Wednesday, October 20

abandoned: Mockingbird

by Katherine Erskine
Philomel / Penguin  2010

Everyone's been raving about this book.  It just got nominated from a National Book Award.  It's been on the periphery of my radar so I figured it was time to pick it up.  Twenty-five pages later it was time to put it down.

There is no worse feeling than to not like a popular book and feel, somehow, like you're defective for thinking it.  Worse if you like to think of yourself as a writer, because when you go against the grain (and then do so publicly in a place like a blog) you're almost certain to alter people's opinions of you.  Not necessarily for the better. 

Is it wrong to feel like the first-person child narrator with Aspergers is a tired trend? Is it wrong to even think of it as a trend?  Curious Incident of the Dog in the Night-Time.  The London Eye mystery.  Emma Jean Lazarus Fell Out of a Tree. Three or four other titles I've read in the last year or so whose titles I cannot remember. 

So what's my problem anyway?  Do I not want kids to read about characters who are different then themselves, to better learn and understand about differently-abled kids and to show some respect and tolerance?  Isn't calling these stories "tired" akin to saying the same thing about vampires?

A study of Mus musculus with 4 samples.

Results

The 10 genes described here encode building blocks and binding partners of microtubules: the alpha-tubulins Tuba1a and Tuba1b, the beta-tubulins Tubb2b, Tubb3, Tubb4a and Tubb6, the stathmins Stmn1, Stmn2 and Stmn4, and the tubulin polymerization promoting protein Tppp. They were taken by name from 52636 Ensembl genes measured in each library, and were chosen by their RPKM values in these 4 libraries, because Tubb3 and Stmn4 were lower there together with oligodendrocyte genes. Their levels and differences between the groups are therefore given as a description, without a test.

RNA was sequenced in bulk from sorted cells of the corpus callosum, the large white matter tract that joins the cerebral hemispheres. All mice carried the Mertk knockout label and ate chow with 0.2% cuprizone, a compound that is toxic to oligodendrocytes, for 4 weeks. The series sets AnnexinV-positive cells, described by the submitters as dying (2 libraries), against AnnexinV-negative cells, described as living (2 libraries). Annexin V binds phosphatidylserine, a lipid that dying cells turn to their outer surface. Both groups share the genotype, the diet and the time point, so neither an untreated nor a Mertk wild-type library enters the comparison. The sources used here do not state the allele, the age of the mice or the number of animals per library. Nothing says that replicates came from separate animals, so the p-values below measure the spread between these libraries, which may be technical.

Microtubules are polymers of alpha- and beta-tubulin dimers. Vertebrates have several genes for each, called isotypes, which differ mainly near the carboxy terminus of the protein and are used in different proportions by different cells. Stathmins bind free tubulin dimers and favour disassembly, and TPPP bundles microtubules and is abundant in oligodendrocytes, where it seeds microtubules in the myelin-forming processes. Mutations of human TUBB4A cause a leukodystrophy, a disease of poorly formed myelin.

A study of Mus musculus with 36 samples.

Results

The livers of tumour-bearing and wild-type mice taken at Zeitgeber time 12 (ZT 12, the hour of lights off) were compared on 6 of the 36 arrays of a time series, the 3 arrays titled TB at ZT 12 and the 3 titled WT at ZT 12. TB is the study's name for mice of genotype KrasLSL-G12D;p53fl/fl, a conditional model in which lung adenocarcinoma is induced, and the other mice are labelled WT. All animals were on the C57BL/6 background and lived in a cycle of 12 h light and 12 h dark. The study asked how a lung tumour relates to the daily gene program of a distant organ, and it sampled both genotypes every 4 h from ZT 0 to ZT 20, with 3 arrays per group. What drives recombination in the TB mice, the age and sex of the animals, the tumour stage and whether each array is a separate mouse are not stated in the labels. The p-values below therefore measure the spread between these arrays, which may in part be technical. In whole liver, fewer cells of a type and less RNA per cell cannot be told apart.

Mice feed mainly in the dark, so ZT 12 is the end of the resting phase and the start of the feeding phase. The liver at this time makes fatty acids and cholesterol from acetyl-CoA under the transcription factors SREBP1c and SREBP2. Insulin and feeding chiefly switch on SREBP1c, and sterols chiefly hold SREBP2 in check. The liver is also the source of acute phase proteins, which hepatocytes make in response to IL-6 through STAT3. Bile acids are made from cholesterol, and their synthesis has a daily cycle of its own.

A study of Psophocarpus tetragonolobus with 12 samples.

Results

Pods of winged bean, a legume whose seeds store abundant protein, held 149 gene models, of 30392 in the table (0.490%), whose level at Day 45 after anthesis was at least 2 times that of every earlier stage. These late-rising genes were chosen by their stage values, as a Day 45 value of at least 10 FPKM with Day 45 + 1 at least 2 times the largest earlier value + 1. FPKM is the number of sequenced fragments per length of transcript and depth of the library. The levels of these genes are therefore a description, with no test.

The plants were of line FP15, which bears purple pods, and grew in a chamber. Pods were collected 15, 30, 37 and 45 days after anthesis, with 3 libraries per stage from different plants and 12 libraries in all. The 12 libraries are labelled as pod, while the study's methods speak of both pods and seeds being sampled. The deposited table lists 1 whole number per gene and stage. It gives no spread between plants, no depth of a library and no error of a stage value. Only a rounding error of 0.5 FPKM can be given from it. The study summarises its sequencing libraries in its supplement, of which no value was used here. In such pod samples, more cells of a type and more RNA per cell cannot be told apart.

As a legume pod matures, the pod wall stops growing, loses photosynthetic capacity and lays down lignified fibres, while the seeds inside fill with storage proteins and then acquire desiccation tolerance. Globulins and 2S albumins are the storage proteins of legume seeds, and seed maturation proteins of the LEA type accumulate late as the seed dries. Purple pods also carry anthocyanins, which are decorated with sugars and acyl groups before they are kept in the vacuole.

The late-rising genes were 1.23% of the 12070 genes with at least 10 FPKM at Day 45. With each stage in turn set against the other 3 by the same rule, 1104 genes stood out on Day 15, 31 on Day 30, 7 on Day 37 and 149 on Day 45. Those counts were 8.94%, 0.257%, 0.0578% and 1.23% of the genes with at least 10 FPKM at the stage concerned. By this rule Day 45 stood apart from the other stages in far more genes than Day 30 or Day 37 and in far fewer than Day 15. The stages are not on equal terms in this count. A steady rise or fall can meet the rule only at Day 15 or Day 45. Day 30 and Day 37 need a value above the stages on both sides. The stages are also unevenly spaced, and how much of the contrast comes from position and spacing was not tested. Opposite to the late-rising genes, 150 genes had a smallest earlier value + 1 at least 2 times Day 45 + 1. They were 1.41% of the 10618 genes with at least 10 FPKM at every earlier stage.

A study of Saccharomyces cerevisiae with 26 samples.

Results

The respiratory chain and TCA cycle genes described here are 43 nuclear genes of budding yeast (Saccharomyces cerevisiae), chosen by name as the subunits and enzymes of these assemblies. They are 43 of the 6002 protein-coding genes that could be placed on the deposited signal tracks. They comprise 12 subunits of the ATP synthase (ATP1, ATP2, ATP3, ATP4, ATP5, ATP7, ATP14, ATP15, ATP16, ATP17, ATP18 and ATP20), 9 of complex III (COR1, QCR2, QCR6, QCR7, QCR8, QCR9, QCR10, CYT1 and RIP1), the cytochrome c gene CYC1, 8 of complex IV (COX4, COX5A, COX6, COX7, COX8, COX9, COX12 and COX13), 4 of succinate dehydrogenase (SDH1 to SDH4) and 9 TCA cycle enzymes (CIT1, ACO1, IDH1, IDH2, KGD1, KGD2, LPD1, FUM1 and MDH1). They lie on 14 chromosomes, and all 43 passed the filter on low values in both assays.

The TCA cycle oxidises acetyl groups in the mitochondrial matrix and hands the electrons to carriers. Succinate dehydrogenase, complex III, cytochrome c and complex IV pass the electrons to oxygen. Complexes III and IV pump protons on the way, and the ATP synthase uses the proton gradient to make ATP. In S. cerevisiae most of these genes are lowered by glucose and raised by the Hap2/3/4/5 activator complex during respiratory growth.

Here's the deal: when I'm reading, and there is something about the narrative that continually pulls me away from the story being told, I no longer enjoy the reading experience.  Erskine's narrator is ten year old Caitlin.  As a child with Aspergers I am willing to accept that she finds a certain disconnect with the world, with an inability to read facial expression or to know how to respond to people without taking the world literally.  What I have a hard time with is a ten year old with Aspergers being all these things and yet more articulate than any ten year old I've ever met, including highly gifted ones.  I realize this conceit is necessary to give the reader a sense of what is going on while at the same time trying to put them inside the head of main character, but on every page I kept finding myself unable to suspend the disbelief.

I'd also like to see more stories told from the perspective of the friend of a child with Aspergers (or ADHD for that matter) who don't doesn't really understand what makes their friend behave the way they do but is fine with them anyway.  Sort of like the idea of having a gay character in a story where the story isn't about the character being gay, it's just who they are.  In the long run isn't that what we want from the readers, from children, to be able to recognize these differences and not have them matter in a way that causes them to be viewed as "other" than themselves?

I am not closed to the idea of revisiting this book down the road if someone can truly convince me that I can't just read the last thirty pages of this book and feel like I missed something in the middle that I haven't seen before.